Dr. Leonel Mendoza has studied Pythium insidiosum since 1981 in Costa Rica, where he described
the infection in horses and developed several serological tests to help in the diagnosis of Pythiosis
in the clinical laboratory. During his early years of research, Dr. Mendoza discovered
immunotherapeutic (Pythium vaccine) approach to treat pythiosis in equines. In 1996, Dr. Mendoza
became faculty of the Biomedical Laboratory Diagnostics Program at Michigan State University.
Since coming to Michigan State University, Dr. Mendoza has been instrumental in helping
healthcare professionals in diagnosing and treating Pythium insidiosum. "Common mistakes in
diagnosis of P. insidiosum occurs frequently because it mimics other infections, and most
healthcare professionals will treat with antibiotics, which does not cure this disease", said Dr.
Mendoza. Today, the vaccination has been patented and is now available for treatment of all
animals (including humans) by Panamerican Veterinary Labs. (http://www.pavlab.com)
Equine pythiosis is characterized by the development of cutaneous, subcutaneous, lymphatic
vessels, intestinal, granulomatous lesions and less frequently by the involvement of bones and
lungs (chronic pythiosis). Lesions caused by P. insidiosum can occur on any anatomical area, but it
is more common on the lower limbs because they first come in contact with the organism in
infested environments (stagnant water, grasses). The lesions often occur as a single lesion, but
cases with multiple granulomas have been encountered. There are no reports of animal to animal,
or animal to human transmission of this pathogen. If the disease is not treated in the early stages
(usually surgical removal of the granulomas) it becomes life threatening. In most cases
chemotherapy with antifungal drugs is not helpful.
Lesions on the limbs are characterized by the formation of tumoral-like masses with fistules and a
serosanguineous discharge. Lesions on the thorax, abdomen, and shoulders, tend to be circular, 5
to 500 mm in diameter. Ulceration and pruritus (itch) is commonly associated with large lesions
on these sites. The formation of small hard coral-like masses termed "kunkers" is an interesting
characteristic of the disease in equines. These stony masses contained the viable hyphae of P.
insidiosum surrounded by cell detritus from degranulated eosinophils. Metastasis (spread) from
distant lesions, through lymphatic vessels to regional lymph nodes, lungs, or bones have been
reported. As in dog pythiosis, intestinal equine pythiosis is more likely to be acquired from direct
inoculation of the organism through ingestion, than spread from distant lesions.
Histopathologically, in early equine pythiosis, abundant microabcesses with eosinophils a few neutrophils,
lymphocytes, and macrophages are present. In chronic cases, an eosinophilic granuloma with giant cells is observed.
In the center of the microabcesses, stony masses (kunkers) are often present. With PAS and Silver stains P. insidiosum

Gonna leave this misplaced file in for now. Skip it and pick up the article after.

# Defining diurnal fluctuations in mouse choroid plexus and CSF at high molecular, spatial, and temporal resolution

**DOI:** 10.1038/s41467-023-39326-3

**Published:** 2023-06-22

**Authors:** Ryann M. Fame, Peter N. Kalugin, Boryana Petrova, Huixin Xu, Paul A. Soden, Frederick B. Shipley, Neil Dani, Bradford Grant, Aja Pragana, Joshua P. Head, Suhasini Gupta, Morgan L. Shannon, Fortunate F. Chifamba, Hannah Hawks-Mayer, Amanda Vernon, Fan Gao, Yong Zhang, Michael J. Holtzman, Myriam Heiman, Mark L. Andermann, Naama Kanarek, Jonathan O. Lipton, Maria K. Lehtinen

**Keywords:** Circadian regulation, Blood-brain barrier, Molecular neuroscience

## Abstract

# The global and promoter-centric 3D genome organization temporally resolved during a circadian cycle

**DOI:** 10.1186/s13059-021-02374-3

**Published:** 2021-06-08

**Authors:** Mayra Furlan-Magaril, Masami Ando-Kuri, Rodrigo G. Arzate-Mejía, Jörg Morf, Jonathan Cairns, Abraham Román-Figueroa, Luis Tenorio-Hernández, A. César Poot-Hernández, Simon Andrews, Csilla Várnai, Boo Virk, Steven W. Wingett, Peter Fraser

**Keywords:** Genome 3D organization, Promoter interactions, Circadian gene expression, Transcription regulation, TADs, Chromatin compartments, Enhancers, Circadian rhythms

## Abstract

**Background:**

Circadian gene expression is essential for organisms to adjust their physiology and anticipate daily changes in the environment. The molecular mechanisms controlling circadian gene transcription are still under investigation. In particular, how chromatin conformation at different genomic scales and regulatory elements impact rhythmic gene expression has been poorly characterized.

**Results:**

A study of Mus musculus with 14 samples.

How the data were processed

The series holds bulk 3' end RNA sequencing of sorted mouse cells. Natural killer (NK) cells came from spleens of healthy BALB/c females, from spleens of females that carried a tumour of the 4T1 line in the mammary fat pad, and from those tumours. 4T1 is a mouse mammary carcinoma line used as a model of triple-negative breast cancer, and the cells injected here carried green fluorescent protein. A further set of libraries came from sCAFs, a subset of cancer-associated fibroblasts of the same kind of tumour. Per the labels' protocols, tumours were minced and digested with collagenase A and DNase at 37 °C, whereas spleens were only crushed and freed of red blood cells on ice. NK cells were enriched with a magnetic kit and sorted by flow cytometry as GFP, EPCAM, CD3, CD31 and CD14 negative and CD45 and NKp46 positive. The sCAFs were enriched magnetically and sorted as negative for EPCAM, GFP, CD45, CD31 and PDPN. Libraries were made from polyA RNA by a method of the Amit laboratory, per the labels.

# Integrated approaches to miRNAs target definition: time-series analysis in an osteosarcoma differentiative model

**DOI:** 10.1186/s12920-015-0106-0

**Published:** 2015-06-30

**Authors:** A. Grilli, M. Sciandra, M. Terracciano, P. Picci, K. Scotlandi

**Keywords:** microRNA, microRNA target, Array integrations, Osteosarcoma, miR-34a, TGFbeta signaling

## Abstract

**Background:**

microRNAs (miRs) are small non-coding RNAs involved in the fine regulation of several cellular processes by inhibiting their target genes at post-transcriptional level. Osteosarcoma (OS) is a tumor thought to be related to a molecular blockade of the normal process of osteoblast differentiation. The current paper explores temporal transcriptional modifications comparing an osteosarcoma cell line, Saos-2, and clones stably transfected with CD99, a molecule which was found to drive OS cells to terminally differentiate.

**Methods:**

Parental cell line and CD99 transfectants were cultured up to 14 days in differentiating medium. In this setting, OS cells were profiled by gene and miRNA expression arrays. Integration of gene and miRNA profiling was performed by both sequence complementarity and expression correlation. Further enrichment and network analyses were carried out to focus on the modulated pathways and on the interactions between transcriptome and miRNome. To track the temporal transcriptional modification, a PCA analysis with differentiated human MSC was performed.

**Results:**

appears as sparsely septate hyphae 6 to 10 mm in diameter.
TREATMENT. -SURGERY. The most common treatment of equine pythiosis has been the surgical removal of the
lesions. This method is very popular and frequently used by veterinary practitioners. In general the response to
surgery is limited (40%). A common drawback of surgical treatment is its high rate of recurrence. This is mostly due to
the incomplete removal of the P. insidiosum hyphae from the affected tissues. More importantly, lesions of the limbs
are very difficult to treat by surgery due to the presence of key anatomical structures in these areas.
-CHEMOTHERAPY. Two main groups of antifungal drugs have been used to treat pythiosis: Iodine and amphotericin B.
Both drugs, however, have given contradictory results. For instance, some practitioners reported that iodine had
cured the disease after intravenous injections, whereas others reported failures with the same procedures. In theory,
owing the fact that this pathogen does not have ergosterol in its cytoplasmic membrane (target of the drug)
amphotericin B should not work on P. insidiosum. Nevertheless, the drug has been used with some success in equine
pythiosis. The use of drugs in pythiosis has been limited because of cost, poor success rate, and high toxicity.
-IMMUNOTHERAPY. In the early 80's a therapeutic (curative) vaccine against P. insidiosum infections in equines was
developed in Australia and Costa Rica. This early immunotherapeutic vaccine cures 100% of the acute cases (less than
15 days after infection) but it fails to cure chronic equine pythiosis (two month and more after infection). It was found
that chronic cases often become anergic due to the lost of large quantities of proteins, electrolytes and water through
the open wounds. Thus, the immunotherapeutic vaccine works better in equine with intact immune system (early
A new formulation of this therapeutic vaccine has been introduced by us and PavLab (www.pavlab.com). This new
formulation cured 50% of the chronic cases that the early vaccine failed to cure. The overall rate of cure of this
vaccine (acute plus chronic cases) was 75%. The vaccine cured a case of human pythiosis in a Thailand boy with
pythiosis in his arteries (Clin. Infect. Dis. 27:1394;1998).